A History of Writers Performing in Their Own Musicals

Aaron Netsky

In just a few weeks, the musical Hamilton will begin previews at the Richard Rogers Theatre on Broadway. Hamilton features a book, music, and lyrics by Lin-Manuel Miranda and stars Miranda as the title character, Alexander Hamilton. If audience members experience some déjà vu at performances of Hamilton, it’s probably because they were fortunate enough to witness Miranda performing in the central role of Usnavi in In the Heights, at the Richard Rogers Theatre, also a product of Miranda’s own creative juices (with a book by playwright Quiara Alegria Hudes). Miranda does it all, and fortunately for us as well as him, he’s quite good at it all. Not every musical features a performance by one of its own creators, in fact very few do.

First off, off-Broadway’s reining champion, The Fantasticks. It first opened on May 3rd, 1960, and has boasted such performers as Jerry Orbach, Kristen Chenoweth, Liza Minelli, and Glenn Close. Even the show’s producer Lore Noto did a stint as The Boy’s Father, Hucklebee, but when it opened, librettist Tom Jones, under an assumed name, played the Old Actor, Henry. Later in the sixties, Anthony Newley collaborated on two musicals with Leslie Bricusse, Stop the World – I want to Get Off and The Roar of the Greasepaint – The Smell of the Crowd, and directed and starred in both on Broadway.



From the seventies, and even to this day, there is really only one Riff Raff, and that is Rocky Horror Show composer/lyricist/librettist Richard O’Brien, who, alongside the iconic Tim Curry as Frank N. Furter, starred in the original West End and Broadway productions, and in the film. In 1998, long before Neil Patrick Harris revived the role last year on Broadway, the lead in Hedwig and the Angry Inch was originally played off-Broadway by John Cameron Mitchell, the show’s book writer. Mitchell also directed and starred in the film version, and was recently among the actors who succeeded Harris in the Broadway revival.

Writers appearing in their own musicals became a lot more common post 2000, partly because those writers were also performers themselves. When Boy George’s musical, Taboo, came to Broadway in 2003, George himself, who wrote an original score complimented by a few old hits, played Leigh Bowery, perhaps the most flamboyant character in a show full of “characters” from the eighties, while a young Boy George was played by Euan Morton. In 2008, Stew narrated his musical Passing Strange, about a young rock musician searching for the true artist’s lifestyle. Billy Joe Armstrong played St. Jimmy at different times throughout the Broadway run of American Idiot, based on one of his band Green Day’s albums. Sting, who wrote the score for the musical The Last Ship, which was based on memories of the town he grew up in, stepped into the role of Jackie White toward the end of that musical’s Broadway run.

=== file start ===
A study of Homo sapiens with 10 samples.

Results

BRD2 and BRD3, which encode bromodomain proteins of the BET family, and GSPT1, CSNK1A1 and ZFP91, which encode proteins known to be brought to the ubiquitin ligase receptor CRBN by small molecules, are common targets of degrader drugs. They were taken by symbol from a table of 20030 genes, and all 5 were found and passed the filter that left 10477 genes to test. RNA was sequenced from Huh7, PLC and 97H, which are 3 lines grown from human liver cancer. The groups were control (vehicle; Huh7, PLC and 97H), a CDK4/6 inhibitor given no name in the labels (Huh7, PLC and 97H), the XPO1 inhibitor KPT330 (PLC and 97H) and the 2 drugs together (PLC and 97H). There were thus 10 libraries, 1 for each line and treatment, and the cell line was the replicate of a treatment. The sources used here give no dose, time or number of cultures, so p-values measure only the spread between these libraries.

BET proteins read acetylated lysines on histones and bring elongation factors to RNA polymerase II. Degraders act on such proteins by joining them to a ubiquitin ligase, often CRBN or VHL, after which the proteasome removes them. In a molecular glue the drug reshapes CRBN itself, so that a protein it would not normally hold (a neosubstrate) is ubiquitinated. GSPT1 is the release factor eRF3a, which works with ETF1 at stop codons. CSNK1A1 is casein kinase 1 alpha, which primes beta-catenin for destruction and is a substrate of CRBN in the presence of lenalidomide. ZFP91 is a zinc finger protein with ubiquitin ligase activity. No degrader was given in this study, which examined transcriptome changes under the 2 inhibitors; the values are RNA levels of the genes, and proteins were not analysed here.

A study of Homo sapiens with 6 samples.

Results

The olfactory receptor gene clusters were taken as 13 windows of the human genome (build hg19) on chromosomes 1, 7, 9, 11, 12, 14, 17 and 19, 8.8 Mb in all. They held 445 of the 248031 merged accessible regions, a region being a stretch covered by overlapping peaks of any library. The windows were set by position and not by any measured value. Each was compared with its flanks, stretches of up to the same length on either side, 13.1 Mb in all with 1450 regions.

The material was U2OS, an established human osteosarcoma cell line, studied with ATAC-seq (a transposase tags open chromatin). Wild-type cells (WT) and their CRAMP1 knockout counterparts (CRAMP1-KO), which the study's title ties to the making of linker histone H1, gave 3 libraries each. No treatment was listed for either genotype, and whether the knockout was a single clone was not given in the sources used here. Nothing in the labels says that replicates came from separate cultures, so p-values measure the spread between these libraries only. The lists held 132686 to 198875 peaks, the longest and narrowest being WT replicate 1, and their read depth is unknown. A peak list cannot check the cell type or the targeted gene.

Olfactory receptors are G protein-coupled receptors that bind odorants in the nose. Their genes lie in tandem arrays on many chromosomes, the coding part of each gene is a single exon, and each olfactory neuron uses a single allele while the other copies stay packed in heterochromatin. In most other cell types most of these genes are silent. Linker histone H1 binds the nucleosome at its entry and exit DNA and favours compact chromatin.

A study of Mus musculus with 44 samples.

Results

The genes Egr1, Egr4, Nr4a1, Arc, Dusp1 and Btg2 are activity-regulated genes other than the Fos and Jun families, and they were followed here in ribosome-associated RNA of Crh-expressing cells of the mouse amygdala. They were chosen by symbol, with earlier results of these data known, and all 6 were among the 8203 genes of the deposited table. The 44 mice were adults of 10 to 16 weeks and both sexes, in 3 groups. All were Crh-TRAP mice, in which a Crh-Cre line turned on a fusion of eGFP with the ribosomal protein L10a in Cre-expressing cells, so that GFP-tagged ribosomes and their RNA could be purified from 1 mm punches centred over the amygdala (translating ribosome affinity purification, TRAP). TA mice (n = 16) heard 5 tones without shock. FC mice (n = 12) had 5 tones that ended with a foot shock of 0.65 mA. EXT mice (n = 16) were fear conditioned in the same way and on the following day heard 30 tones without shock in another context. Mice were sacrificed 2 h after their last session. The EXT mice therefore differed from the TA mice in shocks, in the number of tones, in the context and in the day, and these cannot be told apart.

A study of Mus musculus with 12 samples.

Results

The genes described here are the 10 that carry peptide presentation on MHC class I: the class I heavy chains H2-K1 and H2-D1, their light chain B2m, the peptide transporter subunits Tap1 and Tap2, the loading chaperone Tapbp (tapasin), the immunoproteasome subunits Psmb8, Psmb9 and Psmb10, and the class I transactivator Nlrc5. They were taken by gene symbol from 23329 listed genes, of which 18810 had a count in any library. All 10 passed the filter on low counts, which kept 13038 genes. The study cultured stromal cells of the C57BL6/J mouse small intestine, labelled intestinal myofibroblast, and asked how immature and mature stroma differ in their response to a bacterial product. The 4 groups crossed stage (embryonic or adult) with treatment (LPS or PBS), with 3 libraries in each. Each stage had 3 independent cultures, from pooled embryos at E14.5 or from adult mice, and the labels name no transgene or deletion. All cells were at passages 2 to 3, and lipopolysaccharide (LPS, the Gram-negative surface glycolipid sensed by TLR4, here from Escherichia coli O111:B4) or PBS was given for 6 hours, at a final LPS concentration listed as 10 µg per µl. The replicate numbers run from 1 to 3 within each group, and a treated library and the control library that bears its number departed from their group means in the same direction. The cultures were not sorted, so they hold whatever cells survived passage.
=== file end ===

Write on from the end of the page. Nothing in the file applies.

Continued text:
It is only fitting that, since The Drowsy Chaperone started out as a bunch of Bob Martin’s friends parodying some of the more ridiculous traditions of musical comedy at a party thrown for him, he would eventually help write and star in the musical that came out of those experiments. He played a man who hates going outside but loves musicals so much that when he shares his love with an audience, and plays his favorite cast recording, they come alive around him. That show opened on Broadway in 2006.

Harvey Fierstein has long been a prolific writer and performer, winning his first two Tony Awards for writing and starring in Torch Song Trilogy. In 2007, he wrote the book for the musical A Catered Affair, and played the “bachelor” Uncle Winston. In the movie the musical was based on, the uncle was ostracized for being a drunk, but on Broadway he was re-made to demonstrate attitudes toward gays in the 1950s. Fierstein has also written the books of other musicals, and though A Catered Affair was the first of his own that he himself starred in, toward the end of the Broadway run of the most recent revival of La Cage Aux Folles, Fierstein stepped into the role of the drag performer, Albin. At the time, Fierstein remarked that, while he seemed an obvious choice for that role, he had written the show seeing it more from Georges’s point of view.

So it is getting more common. One wonders if Lin-Manuel Miranda will ever write a show he, for whatever reason, doesn’t want to be in. Then again, why mess with a working formula? If no one else is writing the shows you want to be in, write them yourself. An acting teacher once told Robert Creighton that he bore a resemblance to James Cagney, so what did Creighton do? He wrote a musical about the life of Cagney, and it was recently produced by the York Theatre Company in New York City with Creighton playing Cagney. Writers have long written shows with specific performers in mind; think Ethel Merman, her musicals, and then a bunch of other musicals written around her time that she wasn’t in but seem to have been written for her. More and more, the performer in mind for the role is the person writing the show.

Aaron Netsky writes the 366 Days/366 Musicals blog. Only a month in, so still plenty of time to catch up and follow along. Visit it at http://366days366musicals.tumblr.com.